Care Day 2021 is an international celebration that brings together the Care-Experienced Community, and their allies, to raise awareness about shifting public attitudes, accessing rights, and sparking important discussions.
Care Day was first launched in 2015 to mark the one-year anniversary of the Children and Young People (Scotland) Bill 2014, which committed to strengthening support services for children and young people, particularly for those in the Care-Experienced Community.
Despite a huge amount of progress in both the support available to Care-Experienced children and young people, and in tackling public misconceptions and stigma towards this community, there is still much more to be done. The term ‘looked-after’ describes children and young people who are in the care of a local authority, and it is a common misconception that many of these children are placed in care due to them being ‘difficult’ or committing offences. In fact, in 2019, less than a quarter of the children referred to the Children’s Hearing System was on offense grounds. The main reason that children and young people go into care is for their own care and protection.
The number of looked after children and young people in Scotland has been decreasing for several years, with just over 14,000 children being ‘looked after’ in Scotland in 2019. Foster care is the most common kind of looked-after care for children and young people, closely followed by those in Kinship Care. Kinship Care is when a child is looked after by a family member who is not their mother or father, most commonly a grandparent. These families face unique challenges when it comes to supporting children and young people to access their rights and build positive relationships.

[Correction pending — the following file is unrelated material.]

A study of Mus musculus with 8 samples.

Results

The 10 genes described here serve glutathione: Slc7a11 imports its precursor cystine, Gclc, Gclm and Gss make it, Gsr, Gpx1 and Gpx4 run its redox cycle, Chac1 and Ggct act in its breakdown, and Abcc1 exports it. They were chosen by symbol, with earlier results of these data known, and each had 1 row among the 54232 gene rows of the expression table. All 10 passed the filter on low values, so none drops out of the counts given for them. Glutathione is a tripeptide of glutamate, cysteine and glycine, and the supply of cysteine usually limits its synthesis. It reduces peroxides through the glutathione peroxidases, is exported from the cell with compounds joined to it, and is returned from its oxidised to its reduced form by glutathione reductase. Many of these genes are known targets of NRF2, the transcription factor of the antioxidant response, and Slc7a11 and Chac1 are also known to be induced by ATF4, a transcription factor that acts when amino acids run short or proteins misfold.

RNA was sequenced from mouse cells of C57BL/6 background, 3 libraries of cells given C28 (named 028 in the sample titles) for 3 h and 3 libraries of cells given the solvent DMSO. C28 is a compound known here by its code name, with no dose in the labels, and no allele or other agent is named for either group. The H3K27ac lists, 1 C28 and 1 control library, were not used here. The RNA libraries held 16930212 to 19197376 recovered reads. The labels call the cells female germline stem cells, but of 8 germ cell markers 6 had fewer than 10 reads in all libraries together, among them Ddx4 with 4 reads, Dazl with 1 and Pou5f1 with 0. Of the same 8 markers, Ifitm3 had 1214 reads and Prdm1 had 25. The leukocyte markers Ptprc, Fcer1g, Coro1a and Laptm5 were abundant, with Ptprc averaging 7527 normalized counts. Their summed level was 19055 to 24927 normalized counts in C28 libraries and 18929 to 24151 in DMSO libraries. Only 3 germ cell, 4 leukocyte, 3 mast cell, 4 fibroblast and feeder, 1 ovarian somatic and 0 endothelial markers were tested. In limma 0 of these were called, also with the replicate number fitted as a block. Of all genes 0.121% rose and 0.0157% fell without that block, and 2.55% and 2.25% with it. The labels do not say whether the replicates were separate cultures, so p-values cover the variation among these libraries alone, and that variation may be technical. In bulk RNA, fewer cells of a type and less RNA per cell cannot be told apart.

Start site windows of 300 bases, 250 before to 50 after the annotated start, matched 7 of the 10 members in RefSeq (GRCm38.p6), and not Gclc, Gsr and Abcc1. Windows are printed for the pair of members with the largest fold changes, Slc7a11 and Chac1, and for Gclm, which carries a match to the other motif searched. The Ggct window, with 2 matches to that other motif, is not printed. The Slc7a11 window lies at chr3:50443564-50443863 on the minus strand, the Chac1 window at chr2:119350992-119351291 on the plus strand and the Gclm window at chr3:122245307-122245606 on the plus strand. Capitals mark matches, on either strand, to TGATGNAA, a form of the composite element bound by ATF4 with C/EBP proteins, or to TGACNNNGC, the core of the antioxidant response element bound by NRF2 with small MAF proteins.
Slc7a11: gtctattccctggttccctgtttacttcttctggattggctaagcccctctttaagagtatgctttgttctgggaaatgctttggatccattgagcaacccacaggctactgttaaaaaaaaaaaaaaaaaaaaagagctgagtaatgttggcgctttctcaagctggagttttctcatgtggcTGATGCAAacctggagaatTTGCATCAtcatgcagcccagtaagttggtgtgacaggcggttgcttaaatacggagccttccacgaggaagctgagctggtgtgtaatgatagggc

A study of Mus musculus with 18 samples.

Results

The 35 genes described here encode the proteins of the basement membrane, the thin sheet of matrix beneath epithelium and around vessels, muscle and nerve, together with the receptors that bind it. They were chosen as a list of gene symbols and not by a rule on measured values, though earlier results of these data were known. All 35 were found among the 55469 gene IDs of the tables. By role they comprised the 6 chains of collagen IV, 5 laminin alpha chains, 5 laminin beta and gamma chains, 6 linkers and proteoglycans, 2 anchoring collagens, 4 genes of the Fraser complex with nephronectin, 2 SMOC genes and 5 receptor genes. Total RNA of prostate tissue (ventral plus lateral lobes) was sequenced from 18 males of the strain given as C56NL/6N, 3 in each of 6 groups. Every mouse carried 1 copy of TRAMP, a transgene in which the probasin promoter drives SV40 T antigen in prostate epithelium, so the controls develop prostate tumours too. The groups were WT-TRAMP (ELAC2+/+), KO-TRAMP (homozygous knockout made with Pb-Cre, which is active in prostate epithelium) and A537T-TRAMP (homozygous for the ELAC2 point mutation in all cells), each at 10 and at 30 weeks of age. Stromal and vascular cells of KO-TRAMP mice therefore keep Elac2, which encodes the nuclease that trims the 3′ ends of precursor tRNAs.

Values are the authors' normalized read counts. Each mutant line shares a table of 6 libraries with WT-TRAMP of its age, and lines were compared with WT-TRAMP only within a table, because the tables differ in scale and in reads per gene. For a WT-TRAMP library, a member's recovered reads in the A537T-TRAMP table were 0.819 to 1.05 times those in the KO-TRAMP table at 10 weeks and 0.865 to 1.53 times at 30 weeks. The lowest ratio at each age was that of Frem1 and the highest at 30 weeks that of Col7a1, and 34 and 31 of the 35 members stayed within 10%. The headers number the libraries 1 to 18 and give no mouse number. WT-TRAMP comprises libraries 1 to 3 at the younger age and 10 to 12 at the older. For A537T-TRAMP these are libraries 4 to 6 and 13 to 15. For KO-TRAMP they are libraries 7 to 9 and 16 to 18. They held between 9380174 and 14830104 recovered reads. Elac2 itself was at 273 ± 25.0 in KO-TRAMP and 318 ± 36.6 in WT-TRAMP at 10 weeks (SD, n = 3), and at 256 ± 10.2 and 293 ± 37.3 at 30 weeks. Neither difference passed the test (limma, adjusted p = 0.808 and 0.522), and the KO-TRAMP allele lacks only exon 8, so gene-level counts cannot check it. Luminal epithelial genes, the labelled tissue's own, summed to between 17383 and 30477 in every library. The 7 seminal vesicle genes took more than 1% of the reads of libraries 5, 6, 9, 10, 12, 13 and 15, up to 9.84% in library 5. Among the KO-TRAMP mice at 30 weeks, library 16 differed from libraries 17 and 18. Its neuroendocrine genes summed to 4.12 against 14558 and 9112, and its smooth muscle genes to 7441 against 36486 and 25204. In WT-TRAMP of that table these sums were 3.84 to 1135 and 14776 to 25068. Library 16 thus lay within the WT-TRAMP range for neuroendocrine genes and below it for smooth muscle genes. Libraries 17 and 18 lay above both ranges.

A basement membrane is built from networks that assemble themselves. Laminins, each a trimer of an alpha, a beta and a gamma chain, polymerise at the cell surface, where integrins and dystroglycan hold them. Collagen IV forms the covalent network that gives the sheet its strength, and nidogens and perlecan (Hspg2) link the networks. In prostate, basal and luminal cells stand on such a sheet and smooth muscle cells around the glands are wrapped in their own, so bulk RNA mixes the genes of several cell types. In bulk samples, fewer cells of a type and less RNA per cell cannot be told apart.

Children’s Health Scotland has been working with Kinship Carers for many years to provide training and support. Anne Wilson, the Head of Development for Children and Young People In and Leaving Care, had this to say about #CareDay21,
A massive shout out to all those in Kinship care and their carers. Under UNCRC 39, Right to Recovery, all children and young people, and in particular those who are Care-Experienced, have the right to recovery from any abuse, neglect, harm or maltreatment.
Anne went on to say,
By staying with family, Kinship care is often the best way to support these children and young people. The grandparents, aunts, uncles and other family members and friends who step up to help are too often the unsung heroes in these children’s lives, and are often unprepared for such a huge task. This is why Children’s Health Scotland, and other organisations, are so essential, as we provide bespoke workshops on a range of health-related topics to support Kinship Carers in the care of their children.
For Care Day, our Children’s Health and Wellbeing Assistant, Izzie Turley, caught up with Marie Campbell from Nurture Scotland, and Glenda Keen, who is a Kinship Carer to her two grandchildren and the Deputy Chair of her local Kinship Carers support group, to talk about some of these issues and explore how public attitudes towards children in Kinship Care has changed over time.
A huge thank you to Glenda and Marie for taking the time to have this important discussion and to raise awareness of the challenges faced by Kinship Carers and the families they support. For more information on training programmes available from Children’s Health Scotland, visit our website or contact firstname.lastname@example.org .
More information on these statistics can be found at the Who Cares? Scotland website.